Biologists plan to recapture and recollar wolf OR-7, and possibly some of his pups, next month as Oregon's most famous predators work their way toward pack status.
Oregon's most famous wolf is set to get some new bling so he can keep working for Da Man.
Biologists plan to recapture OR-7 and replace the wolf's tracking collar — and possibly collar his mate and some of his three pups — to keep tracking Western Oregon's only known wolf family as they work their way toward pack status.
A federal biologist plans to set foot-hold traps in the area of eastern Jackson County in hopes of capturing at least one of the animals so it can be fitted with a GPS-transmitting collar similar to the one used to track OR-7's world-famous, 3,000-mile journey that led him here.
"It's kind of the luck of the draw in who you can get," says John Stephenson, a U.S. Fish and Wildlife Service biologist tracking OR-7 from his Bend office. "It will probably end up one of the pups because they're the most curious."
State and federal biologists have active GPS collars on 12 wolves, and 28 have been collared in Oregon since 2009, one year after the first known wolf migrated from Idaho into Oregon, according to Michelle Dennehy, spokeswoman for the Oregon Department of Fish and Wildlife's Wolf Program.
Oregon updates its wolf population data at the end of December, and last year's end-of-the-year count showed 64 known wolves, Dennehy says.
Oregon has eight known packs, as well as individual wolves and a new group of wolves discovered last month 30 miles north of Enterprise, Dennehy says. Collared animals are in all but two packs and that newly discovered group, she says.
"Having at least one per pack really helps with monitoring," Dennehy says. "Recollaring OR-7 will help track this group of wolves."
Not only are the devices used for locating and tracking the packs, they can also help biologists determine breeding success. OR-7's GPS coordinates helped lead to photographs of his mate and pups earlier this year.
Knowing their locations also allows the agency to warn farmers and ranchers when a pack is close to them, and the coordinates can be used to verify predation loss, Dennehy says.
Since he was collared, OR-7 has never been associated with livestock depredation, though his former pack was involved in livestock predation before and after he was collared, Dennehy says.
Right now, OR-7 and his family are considered a group of wolves, Dennehy says. The definition for a pack is four or more wolves traveling together in winter, she says.
They will not be considered an official breeding pair until at least two of the new pups survives through December.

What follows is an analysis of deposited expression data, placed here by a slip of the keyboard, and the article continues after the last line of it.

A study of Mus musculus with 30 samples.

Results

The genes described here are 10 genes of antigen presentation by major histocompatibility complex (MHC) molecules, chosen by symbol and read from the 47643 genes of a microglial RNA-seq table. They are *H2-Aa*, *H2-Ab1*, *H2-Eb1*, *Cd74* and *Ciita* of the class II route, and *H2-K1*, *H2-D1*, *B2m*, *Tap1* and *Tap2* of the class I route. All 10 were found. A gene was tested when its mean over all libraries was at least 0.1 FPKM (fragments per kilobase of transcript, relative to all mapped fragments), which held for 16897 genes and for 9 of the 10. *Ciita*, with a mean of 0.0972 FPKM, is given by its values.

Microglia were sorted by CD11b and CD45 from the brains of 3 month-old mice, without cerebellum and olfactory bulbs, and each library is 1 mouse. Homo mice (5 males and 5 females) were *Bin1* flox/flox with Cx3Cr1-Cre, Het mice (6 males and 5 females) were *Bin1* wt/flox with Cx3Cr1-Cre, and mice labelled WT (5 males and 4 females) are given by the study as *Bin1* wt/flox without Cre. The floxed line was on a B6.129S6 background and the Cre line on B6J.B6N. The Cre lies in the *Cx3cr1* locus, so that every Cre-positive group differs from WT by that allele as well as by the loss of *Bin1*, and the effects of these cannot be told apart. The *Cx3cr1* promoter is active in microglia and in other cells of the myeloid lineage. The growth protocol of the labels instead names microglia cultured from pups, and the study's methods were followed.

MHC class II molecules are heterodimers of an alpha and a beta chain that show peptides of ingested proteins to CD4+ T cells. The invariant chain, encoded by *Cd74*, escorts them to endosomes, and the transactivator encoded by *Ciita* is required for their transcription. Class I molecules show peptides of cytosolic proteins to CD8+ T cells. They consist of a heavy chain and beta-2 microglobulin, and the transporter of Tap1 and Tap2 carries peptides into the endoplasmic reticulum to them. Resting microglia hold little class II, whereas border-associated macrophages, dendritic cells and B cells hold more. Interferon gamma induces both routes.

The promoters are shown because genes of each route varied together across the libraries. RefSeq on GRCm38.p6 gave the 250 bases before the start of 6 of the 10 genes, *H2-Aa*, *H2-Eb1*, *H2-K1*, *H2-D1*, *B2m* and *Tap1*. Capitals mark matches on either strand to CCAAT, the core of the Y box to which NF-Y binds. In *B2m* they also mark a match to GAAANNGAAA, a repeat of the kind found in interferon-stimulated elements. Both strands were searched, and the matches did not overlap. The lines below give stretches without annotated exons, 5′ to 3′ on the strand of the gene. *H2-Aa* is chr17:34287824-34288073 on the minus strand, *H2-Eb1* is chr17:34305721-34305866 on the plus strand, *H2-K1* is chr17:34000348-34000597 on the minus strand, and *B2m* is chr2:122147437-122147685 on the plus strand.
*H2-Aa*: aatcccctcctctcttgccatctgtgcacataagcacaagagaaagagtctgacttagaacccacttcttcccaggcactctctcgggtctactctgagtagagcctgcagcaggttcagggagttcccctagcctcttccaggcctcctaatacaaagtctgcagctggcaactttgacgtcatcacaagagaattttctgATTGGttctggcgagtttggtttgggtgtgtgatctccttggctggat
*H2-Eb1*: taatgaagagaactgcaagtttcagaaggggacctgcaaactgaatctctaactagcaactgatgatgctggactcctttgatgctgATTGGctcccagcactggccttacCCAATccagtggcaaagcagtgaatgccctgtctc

"Often we don't make those distinctions until winter," she says.
OR-7 was a young member of Oregon's Imnaha pack when he was collared in February 2011, eight months before he left the pack in a "dispersal" trek in search of a mate and new territory.
He traveled south and west until he crossed the Cascade crest, becoming the first wolf in Western Oregon since 1937. He later spent more than a year traveling in Northern California, where he was the Golden State's first known wolf since 1924.
For more than a year, he has stayed within his home territory of eastern Jackson, western Klamath and southeastern Douglas counties.
The batteries in most collars die after about three years, but battery lifetime has been quite variable. OR-7's collar batteries are now 3½ years old.
Collaring wolves can be risky business, both to biologists and the animals, which can die from stress during or after collaring, Dennehy says.
Wolves are tough to trap in dense forest like this group's current habitat, which requires the use of foot-hold traps, Stephenson says.
If OR-7's mate or young are captured next month, blood will be drawn for DNA testing that can sometimes trace the wolves to their original pack, Stephenson says.
Last spring, Stephenson gathered scat from the area where the young wolves were spotted, but he was unable to secure enough DNA from the scat to trace OR-7's mate, he says.
About 60 percent of scat samples fail to provide enough genetic information for the DNA tracing, Stephenson says.
The scat-test failure has prompted speculation that OR-7's mate might be a wolf hybrid.
Stephenson says there is no evidence that wolf-dog hybrids can survive in the wild and mate with a wolf, and that biologists in his agency are "very confident" OR-7's mate is a wild wolf.
"We're not feeling like we have to prove this animal is a wolf," Stephenson says. "We don't have to do that with any other wild animal."
Reach reporter Mark Freeman at 541-776-4470 or email@example.com. Follow him at www.twitter.com/MTwriterFreeman.